Well, a developer’s day is full of victories and waterloos. So I’ve had my developer’s day today.
After I had discussed my Server startup problems related to ports already in use, Marten came up with an explanation for VAST’s behavior on the VAST Support Group:
The reason for this behaviour is located in the method: SstTcpTransport>>#basicOpenListeningSocket and it seems to be correctly handled by VASmalltalk.In this method a socket option (“SOREUSEADDR”) is set to true (if the configuration of the tcp network allows it, which is normally the case of VASmalltalk).
Hmm. Even if it’s not incorrect, I still don’t like it.
So my first waterloo was that Marten proved me wrong: this is not a bug or wrong behavior – from a very technical standpoint. I still thinnk the server pretends to be ready when it is not, and I don’t like it if my software tells me lies right into my face, especially if that even costs me lots of time…
The thread at the discussion group then continues with suggestions like changing the setting Marten mentioned in some very low level method for binding to a Socket. That is of course very deep down and you never know what you break if you open ALL TCP/IP Sockets as exclusive listeners.
So I decided to stick with my workaround that I described in my initial post on the subject (the reworked one, of course). It ran great – on Windows.
So here was my second waterloo. When I had 😄 packaged this and tried to start the same image twice on the Linux test machine, the Adaptor never left the #isStarting phase. The log contained lots of entries telling me we’re waiting for the adaptor to finish starting:
'2013-04-24 17:32:48,917: [INFO] Waiting for the Adapter to finish starting' '2013-04-24 17:32:49,519: [INFO] Waiting for the Adapter to finish starting' '2013-04-24 17:32:50,121: [INFO] Waiting for the Adapter to finish starting' '2013-04-24 17:32:50,723: [INFO] Waiting for the Adapter to finish starting' '2013-04-24 17:32:51,325: [INFO] Waiting for the Adapter to finish starting'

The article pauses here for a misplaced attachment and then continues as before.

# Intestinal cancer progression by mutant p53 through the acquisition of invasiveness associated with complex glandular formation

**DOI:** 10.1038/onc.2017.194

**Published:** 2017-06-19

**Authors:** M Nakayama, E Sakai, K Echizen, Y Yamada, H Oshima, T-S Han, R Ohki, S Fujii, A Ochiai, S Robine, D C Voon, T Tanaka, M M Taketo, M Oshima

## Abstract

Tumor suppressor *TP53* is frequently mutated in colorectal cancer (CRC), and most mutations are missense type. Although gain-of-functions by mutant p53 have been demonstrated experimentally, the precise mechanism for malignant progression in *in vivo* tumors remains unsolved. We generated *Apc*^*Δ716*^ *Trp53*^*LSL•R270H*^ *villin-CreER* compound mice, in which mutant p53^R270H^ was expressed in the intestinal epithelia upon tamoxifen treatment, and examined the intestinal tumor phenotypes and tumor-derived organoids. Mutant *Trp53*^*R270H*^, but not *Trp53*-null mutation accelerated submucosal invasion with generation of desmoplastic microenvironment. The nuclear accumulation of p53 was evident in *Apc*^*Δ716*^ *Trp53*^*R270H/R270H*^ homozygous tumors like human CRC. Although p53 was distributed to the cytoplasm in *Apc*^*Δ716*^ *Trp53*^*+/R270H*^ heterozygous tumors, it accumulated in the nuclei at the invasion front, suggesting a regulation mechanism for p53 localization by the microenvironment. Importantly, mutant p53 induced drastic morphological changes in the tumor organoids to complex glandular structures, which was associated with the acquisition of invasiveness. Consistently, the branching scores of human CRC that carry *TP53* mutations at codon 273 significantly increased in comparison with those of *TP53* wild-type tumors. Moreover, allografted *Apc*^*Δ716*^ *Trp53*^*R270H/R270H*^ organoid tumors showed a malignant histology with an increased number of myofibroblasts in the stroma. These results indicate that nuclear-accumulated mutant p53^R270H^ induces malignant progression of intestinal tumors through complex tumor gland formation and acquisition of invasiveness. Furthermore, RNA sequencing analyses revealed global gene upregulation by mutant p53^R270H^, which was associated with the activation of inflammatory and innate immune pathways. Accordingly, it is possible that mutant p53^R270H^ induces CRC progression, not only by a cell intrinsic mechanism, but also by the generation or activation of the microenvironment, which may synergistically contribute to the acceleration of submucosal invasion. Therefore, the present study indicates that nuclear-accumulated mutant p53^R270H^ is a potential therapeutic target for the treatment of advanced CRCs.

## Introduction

.. and so on. So the Socket behavior differs between Windows and Linux. On Windows, the retry loop was never run, the Adapter was not running immediately.
So I decided to extend my ugly workaround a little more with a retry count. I hate the code as it looks now, because it reminds me of really dark days in my programmer career. I’ll show it to you nevertheless, because it may be useful for others as well (I know, it’s not rocket science, but copying it from here is faster than thinking about it – you’re welcome!):
startServerAdaptor "self startServerAdaptor" |adaptor maxRetries retries| maxRetries := 5. retries := 1. [ (adaptor := WASstServerAdaptor port: self port) start. [adaptor isStarting and: [retries <= maxRetries]] whileTrue: [ EsLogManager info: ('Waiting for the Adapter to finish starting, retry count = %1' bindWith: retries asString). (Delay forSeconds: 0.5) wait. retries := retries +1. ]. adaptor isRunning ifFalse: [Error signal: ('Adaptor is not Running - maybe port %1 is already in use?' bindWith: self port asString)]. EsLogManager info: 'WASStServerAdaptor started on port: ' , port asString] on: Error do: [:ex | EsLogManager error: 'Seaside Adaptor couldn''t start due to: ' , ex description. ex pass]
This is not a victory to be proud of, but one that will help me waste far less time lookinkg for phantom bugs. Here’s what happens in the Server ssh session when I start the image a second time:
UIProcess reportError: Adaptor is not Running - maybe port xxxxx is already in use? Dumping walkback to file: walkback.log
And the server process is immediately exiting. When I look into the application log I can see the server didn’t start because the port was in use. Great! Why not be happy about a small victory that may lay the ground for faster progress. It’s not much ado about nothing, and II’m pretty sure it pays back one day.